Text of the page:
A TOP Staffordshire Moorlands tourist attraction is set to expand its holiday accommodation and facilities.
Alton Towers Resort has submitted a planning application to Staffordshire Moorlands District Council to build 61 double lodges – 122 units – 10 tree houses with associated restaurant and service buildings, a play area, hard and soft landscaping, parking and drainage work.
The resort is the UKs most popular and largest theme park and brings in thousands of visitors to the Staffordshire Moorlands each year.
The application will go before members of the district council's planning committee for a final decision when they meet tomorrow, Thursday, with a recommendation for approval from officers.
The proposed 61 double lodges would be subdivided to provide 110 standard accommodation units and 12 accessible accommodation units.
An additional 10 tree houses would be located to the south of the lodges along a new access road.
Views of the tree houses from the lodges would be screened by a series of mounds proposed between the lodges and the new access road.
A report to councillors by planning officer Jane Curley said: "The proposals involve the development of an open site within the Alton and Farley Conservation Area with lodges and accommodation.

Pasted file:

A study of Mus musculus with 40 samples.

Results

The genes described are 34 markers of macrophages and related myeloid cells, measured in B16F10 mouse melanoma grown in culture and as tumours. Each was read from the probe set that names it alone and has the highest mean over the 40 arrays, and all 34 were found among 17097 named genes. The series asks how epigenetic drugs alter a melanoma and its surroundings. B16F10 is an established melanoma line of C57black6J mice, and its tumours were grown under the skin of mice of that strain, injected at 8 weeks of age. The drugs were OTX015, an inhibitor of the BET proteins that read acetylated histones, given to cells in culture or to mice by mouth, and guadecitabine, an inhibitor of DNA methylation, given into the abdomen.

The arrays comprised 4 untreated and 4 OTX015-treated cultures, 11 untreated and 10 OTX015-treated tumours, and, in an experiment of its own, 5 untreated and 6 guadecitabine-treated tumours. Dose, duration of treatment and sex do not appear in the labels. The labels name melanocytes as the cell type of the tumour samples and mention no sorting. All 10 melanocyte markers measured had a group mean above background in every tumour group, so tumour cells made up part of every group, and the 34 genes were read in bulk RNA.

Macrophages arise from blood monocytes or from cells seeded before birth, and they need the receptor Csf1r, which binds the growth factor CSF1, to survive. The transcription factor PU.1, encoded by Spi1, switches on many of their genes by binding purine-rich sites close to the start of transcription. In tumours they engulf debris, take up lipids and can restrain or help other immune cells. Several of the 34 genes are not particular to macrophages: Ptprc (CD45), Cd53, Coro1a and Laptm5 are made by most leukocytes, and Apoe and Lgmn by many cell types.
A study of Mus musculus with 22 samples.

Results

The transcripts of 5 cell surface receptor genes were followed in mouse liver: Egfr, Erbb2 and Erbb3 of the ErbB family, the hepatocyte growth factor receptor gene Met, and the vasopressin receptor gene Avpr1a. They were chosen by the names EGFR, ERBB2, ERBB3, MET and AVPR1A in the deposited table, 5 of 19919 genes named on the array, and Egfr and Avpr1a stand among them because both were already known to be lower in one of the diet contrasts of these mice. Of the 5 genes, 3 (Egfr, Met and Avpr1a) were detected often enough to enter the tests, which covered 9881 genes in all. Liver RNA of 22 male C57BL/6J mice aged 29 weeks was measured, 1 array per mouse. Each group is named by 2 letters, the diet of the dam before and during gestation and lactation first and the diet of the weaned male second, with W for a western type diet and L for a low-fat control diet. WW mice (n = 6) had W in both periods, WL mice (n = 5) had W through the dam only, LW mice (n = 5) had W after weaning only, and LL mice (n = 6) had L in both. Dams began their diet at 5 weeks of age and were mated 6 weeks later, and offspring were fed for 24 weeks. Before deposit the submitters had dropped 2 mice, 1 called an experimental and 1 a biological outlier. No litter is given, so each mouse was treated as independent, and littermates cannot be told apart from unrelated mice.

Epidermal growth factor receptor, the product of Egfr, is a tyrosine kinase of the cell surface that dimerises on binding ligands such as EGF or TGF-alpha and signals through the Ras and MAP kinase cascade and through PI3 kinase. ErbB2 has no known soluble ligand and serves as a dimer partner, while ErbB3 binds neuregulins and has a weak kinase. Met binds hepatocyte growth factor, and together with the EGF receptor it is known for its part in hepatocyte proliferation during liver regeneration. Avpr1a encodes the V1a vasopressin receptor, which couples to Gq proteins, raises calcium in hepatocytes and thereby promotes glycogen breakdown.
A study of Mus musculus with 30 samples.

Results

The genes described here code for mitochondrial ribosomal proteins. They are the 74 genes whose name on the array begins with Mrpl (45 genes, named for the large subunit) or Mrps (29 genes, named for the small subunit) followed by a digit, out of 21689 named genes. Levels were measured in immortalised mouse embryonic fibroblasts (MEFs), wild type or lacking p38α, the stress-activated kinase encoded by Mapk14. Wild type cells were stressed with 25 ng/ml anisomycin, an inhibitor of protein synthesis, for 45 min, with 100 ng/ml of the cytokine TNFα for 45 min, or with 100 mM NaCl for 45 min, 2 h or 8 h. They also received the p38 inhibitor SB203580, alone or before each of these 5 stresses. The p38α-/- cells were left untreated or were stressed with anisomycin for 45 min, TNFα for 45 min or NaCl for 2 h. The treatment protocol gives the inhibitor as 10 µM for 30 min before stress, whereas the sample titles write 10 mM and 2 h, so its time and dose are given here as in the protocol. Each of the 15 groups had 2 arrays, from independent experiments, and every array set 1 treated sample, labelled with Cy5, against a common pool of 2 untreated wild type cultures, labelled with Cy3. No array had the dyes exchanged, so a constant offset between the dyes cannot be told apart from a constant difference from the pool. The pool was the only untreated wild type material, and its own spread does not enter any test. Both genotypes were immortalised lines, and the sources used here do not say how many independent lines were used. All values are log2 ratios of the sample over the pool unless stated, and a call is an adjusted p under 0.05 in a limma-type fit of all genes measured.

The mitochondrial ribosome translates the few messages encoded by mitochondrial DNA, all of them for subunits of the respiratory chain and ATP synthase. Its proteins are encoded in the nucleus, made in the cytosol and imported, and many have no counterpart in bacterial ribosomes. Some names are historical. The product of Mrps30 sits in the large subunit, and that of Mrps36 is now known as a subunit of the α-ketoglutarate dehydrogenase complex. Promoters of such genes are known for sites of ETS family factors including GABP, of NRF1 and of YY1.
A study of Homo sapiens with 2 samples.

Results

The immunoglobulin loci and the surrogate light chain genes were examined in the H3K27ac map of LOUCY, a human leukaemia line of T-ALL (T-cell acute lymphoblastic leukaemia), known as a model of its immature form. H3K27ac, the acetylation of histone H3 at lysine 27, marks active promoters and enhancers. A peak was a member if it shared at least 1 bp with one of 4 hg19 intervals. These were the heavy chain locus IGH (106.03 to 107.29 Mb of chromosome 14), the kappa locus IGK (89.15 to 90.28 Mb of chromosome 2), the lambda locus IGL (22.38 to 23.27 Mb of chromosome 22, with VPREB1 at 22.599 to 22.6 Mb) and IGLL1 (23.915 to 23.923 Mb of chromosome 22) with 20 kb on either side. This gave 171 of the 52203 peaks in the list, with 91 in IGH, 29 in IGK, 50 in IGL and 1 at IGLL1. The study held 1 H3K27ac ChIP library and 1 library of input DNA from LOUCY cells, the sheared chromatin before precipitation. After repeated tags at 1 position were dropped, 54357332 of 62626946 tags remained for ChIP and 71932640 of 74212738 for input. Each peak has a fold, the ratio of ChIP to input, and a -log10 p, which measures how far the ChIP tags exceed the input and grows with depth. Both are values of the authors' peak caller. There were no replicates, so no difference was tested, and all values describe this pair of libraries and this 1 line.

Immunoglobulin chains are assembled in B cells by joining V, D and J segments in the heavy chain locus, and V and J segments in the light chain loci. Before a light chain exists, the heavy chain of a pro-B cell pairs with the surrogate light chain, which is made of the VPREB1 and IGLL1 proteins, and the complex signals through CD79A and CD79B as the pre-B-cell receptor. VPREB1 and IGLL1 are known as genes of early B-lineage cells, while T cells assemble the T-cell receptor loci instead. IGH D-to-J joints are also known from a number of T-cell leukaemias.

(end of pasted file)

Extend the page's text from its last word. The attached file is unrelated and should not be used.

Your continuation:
"Sixty one lodges are proposed in the central part of the site. These are modest in size and height and are arranged informally in clusters around small play areas.
"Considered in isolation, the development of this currently open land within the Conservation Area with a themed development of lodges and associated buildings could be said to be potentially harmful to its character and appearance.
"However this particular part of the Conservation Area has a varied character, including as it does the whole of the leisure and commercial development at Alton Towers. The application site lies to the east of the existing hotels in an area which is sometimes used for overspill car parking.
"As English Heritage notes, given the extent of other leisure and commercial development elsewhere in the park and the relatively low landscape significance of the application site, the proposed development could not, in this context, be construed as being harmful.
"Following negotiations with the applicant, amended plans have addressed concerns raised about the design, materials and landscaping. It is considered that the selected materials and the substantial forestry planting throughout the site will ensure that the development is successfully integrated into the Conservation Area."